Intro

The GeForce GTX 480 makes use of a 40 nm design. nVidia has clocked the core frequency at 700 MHz. The GDDR5 memory runs at a frequency of 924 MHz on this particular card. It features 480 SPUs as well as 60 TAUs and 48 Rasterization Operator Units.

Compare those specs to the GeForce GTX 560, which comes with a core clock speed of 810 MHz and a GDDR5 memory speed of 1001 MHz. It also features a 256-bit memory bus, and makes use of a 40 nm design. It is made up of 336 SPUs, 56 TAUs, and 32 ROPs.

(No game benchmarks for this combination yet.)

Power Usage and Theoretical Benchmarks

Power Consumption (Max TDP)

GeForce GTX 560 150 Watts
GeForce GTX 480 250 Watts
Difference: 100 Watts (67%)

Memory Bandwidth

In theory, the GeForce GTX 480 will be 38% faster than the GeForce GTX 560 overall, due to its greater bandwidth. (explain)

GeForce GTX 480 177408 MB/sec
GeForce GTX 560 128128 MB/sec
Difference: 49280 (38%)

Texel Rate

The GeForce GTX 560 should be a bit (approximately 8%) better at anisotropic filtering than the GeForce GTX 480. (explain)

GeForce GTX 560 45360 Mtexels/sec
GeForce GTX 480 42000 Mtexels/sec
Difference: 3360 (8%)

Pixel Rate

The GeForce GTX 480 is much (approximately 30%) more effective at full screen anti-aliasing than the GeForce GTX 560, and also should be capable of handling higher resolutions without slowing down too much. (explain)

GeForce GTX 480 33600 Mpixels/sec
GeForce GTX 560 25920 Mpixels/sec
Difference: 7680 (30%)

Please note that the above 'benchmarks' are all just theoretical - the results were calculated based on the card's specifications, and real-world performance may (and probably will) vary at least a bit.

Price Comparison

GeForce GTX 480

Amazon.com

GeForce GTX 560

Amazon.com

Please note that the price comparisons are based on search keywords - sometimes it might show cards with very similar names that are not exactly the same as the one chosen in the comparison. We do try to filter out the wrong results as best we can, though.

Specifications

Model GeForce GTX 480 GeForce GTX 560
Manufacturer nVidia nVidia
Year March 2010 May 2011
Code Name GF100 GF114
Fab Process 40 nm 40 nm
Bus PCIe x16 PCIe 2.0 x16
Memory 1536 MB 1024 MB
Core Speed 700 MHz 810 MHz
Shader Speed 1401 MHz 1600 MHz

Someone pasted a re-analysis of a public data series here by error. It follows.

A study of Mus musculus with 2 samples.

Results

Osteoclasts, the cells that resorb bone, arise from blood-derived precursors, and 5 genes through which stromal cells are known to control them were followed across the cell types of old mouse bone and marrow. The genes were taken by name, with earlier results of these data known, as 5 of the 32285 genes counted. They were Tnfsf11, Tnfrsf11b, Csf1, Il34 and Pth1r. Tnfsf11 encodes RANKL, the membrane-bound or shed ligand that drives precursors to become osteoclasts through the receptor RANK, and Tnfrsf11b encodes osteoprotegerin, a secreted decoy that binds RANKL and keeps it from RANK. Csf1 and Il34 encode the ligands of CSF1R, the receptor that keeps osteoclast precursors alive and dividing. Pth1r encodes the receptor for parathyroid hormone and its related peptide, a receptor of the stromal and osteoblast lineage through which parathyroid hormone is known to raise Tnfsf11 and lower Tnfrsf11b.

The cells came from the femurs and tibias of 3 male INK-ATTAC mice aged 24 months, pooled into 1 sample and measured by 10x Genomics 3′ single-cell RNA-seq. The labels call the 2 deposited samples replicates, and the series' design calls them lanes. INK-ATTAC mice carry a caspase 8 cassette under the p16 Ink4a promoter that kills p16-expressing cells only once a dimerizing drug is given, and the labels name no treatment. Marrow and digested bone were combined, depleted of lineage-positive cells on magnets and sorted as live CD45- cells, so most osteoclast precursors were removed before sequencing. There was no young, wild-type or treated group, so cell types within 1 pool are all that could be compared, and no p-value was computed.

Memory Speed 924 MHz (3696 MHz effective) 1001 MHz (4004 MHz effective)
Unified Shaders 480 336
Texture Mapping Units 60 56
Render Output Units 48 32
Bus Type GDDR5 GDDR5
Bus Width 384-bit 256-bit
DirectX Version DirectX 11 DirectX 11
OpenGL Version OpenGL 4.1 OpenGL 4.1
Power (Max TDP) 250 watts 150 watts
Shader Model 5.0 5.0
Bandwidth 177408 MB/sec 128128 MB/sec
Texel Rate 42000 Mtexels/sec 45360 Mtexels/sec
Pixel Rate 33600 Mpixels/sec 25920 Mpixels/sec

Memory Bandwidth: Bandwidth is the maximum amount of information (measured in MB per second) that can be moved over the external memory interface in one second. It is worked out by multiplying the interface width by its memory speed. If it uses DDR RAM, it should be multiplied by 2 once again. If it uses DDR5, multiply by ANOTHER 2x. The higher the bandwidth is, the better the card will be in general. It especially helps with anti-aliasing, HDR and higher screen resolutions.

Texel Rate: Texel rate is the maximum texture map elements (texels) that are processed per second. This figure is worked out by multiplying the total number of texture units by the core speed of the chip. The better this number, the better the graphics card will be at texture filtering (anisotropic filtering - AF). It is measured in millions of texels per second.

Pixel Rate: Pixel rate is the maximum number of pixels the video card could possibly record to its local memory in a second - measured in millions of pixels per second. The figure is worked out by multiplying the number of Raster Operations Pipelines by the clock speed of the card. ROPs (Raster Operations Pipelines - also called Render Output Units) are responsible for filling the screen with pixels (the image). The actual pixel fill rate is also dependant on lots of other factors, most notably the memory bandwidth of the card - the lower the bandwidth is, the lower the ability to get to the max fill rate.